The Japanese writing System

I have done posts on the Japanese language. I have touched on learning the Japanese language and on how to practice it. Not once did I ever consider posting about the writing styles of the Japanese people. It is weird how something you work with everyday can be the most oblivious thing. You see, I am an author, I write novellas. Not once while writing on this blog or even typing up my recent book did I ever think to do a blog post on the Japanese word. Doing this blog has influenced my writing. I have found myself inserting Japanese Romaji. Mostly names for characters.

You see Romaji is the Romanization of Japanese. The Romaji is split into three separate systems; the first being the Hepburn Romanization. This is the most commonly used form of Romaji. The other two are Kunrei-shiki Romanization and Nihon-shiki Romanization. Romaji is not used often to write letters. It is used mostly for inputting on computers and street signs. In Japan you will see Romaji heavily used in tourist areas. It has been taught to the Japanese children since World War II.

Kanji is another form of Japanese writing. Kanji are ideograms; this means that each character of kanji has a meaning of its own. Kanji consists of 2136 characters for use in everyday Japanese life. In total there are tens of thousands of them. All of these characters are Chinese in origin and were first introduced to japan in the 5th century. Interesting note is that these characters were not introduced by the Chines. They were introduced to the Japanese by Korea. Japanese students are expected to know several thousand by the time they graduate from high school.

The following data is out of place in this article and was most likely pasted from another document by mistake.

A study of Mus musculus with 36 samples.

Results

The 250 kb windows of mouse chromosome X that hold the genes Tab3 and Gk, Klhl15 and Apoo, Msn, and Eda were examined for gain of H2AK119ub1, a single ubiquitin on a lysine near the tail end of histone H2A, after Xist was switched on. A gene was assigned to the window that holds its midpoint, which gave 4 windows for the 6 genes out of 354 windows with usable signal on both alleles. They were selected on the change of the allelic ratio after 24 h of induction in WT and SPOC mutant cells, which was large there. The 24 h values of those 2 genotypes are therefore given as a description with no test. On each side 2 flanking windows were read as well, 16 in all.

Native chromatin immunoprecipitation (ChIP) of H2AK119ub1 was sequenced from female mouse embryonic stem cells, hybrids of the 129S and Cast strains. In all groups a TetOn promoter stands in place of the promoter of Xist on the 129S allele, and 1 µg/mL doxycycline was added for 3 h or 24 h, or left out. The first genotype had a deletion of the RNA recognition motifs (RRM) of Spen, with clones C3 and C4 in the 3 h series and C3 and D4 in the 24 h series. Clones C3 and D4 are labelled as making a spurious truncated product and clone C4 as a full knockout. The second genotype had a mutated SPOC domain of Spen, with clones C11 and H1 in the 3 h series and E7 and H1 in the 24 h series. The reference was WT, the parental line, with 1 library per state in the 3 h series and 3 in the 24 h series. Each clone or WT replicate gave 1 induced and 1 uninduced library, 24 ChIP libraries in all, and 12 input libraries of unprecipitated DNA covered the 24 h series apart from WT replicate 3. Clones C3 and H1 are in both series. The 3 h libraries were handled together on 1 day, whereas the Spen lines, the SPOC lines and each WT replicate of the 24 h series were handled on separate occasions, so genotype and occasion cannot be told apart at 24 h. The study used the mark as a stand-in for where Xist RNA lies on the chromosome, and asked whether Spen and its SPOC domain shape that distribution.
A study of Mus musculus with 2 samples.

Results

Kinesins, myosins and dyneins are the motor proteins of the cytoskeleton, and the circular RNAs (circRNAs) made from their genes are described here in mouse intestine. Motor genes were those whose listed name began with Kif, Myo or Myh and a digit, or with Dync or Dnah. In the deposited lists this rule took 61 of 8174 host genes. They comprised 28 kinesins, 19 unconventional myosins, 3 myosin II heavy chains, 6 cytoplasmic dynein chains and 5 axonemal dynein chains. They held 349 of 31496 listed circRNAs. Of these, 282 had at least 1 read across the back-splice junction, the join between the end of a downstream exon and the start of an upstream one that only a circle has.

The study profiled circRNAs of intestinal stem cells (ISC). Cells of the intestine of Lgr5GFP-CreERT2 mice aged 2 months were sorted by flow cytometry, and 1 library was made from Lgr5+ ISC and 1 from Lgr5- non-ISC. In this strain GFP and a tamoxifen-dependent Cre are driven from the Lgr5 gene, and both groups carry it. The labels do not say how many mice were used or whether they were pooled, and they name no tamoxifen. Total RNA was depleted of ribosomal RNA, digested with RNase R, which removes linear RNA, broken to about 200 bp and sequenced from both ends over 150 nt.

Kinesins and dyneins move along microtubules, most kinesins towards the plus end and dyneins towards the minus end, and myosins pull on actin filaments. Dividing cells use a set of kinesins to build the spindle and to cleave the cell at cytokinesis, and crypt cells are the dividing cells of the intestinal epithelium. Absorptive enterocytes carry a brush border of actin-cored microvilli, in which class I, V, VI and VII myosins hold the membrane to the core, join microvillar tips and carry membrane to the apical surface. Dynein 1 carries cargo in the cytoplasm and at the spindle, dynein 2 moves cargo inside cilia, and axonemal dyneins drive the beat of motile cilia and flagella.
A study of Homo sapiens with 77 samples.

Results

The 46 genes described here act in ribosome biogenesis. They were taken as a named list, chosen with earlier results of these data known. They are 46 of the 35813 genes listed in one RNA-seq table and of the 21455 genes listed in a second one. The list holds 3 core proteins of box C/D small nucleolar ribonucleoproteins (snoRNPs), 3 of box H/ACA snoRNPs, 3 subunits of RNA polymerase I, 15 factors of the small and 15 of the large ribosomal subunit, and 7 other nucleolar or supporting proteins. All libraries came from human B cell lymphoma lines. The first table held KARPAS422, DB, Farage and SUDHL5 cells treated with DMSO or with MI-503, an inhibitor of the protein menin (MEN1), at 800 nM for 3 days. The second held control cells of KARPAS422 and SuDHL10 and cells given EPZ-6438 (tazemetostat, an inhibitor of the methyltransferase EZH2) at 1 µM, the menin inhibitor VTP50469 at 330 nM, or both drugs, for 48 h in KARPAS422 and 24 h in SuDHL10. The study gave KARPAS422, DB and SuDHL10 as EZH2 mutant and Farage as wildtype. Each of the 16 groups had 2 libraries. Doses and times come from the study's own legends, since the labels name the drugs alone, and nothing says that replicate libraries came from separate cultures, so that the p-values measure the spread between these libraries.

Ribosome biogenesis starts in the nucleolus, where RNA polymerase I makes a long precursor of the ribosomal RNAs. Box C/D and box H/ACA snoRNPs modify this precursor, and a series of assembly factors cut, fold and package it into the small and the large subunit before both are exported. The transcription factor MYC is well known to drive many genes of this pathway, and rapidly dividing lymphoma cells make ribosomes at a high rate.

The Japanese writing system consists of three types. I have already spoken about Romaji and Kanji. The last of the three is called Kana. Kana like the Japanese writing system is formed in three parts. The first is Hiragana; the modern cursive form of the Japanese language. Katakana the modern angular (think script in English) is the second form. The last form is known as man’yogana. Man’yogana is referred to the old syllabic kanji. Man’yogana is the ancestral form of both Hiragana and katakana.

As you can see from my brief explanation the Japanese language is very complex. Even with its complexity it remains a language I want to learn. Below you will find the links to the sites I used for this post. Give them a read. There is a lot more information out there.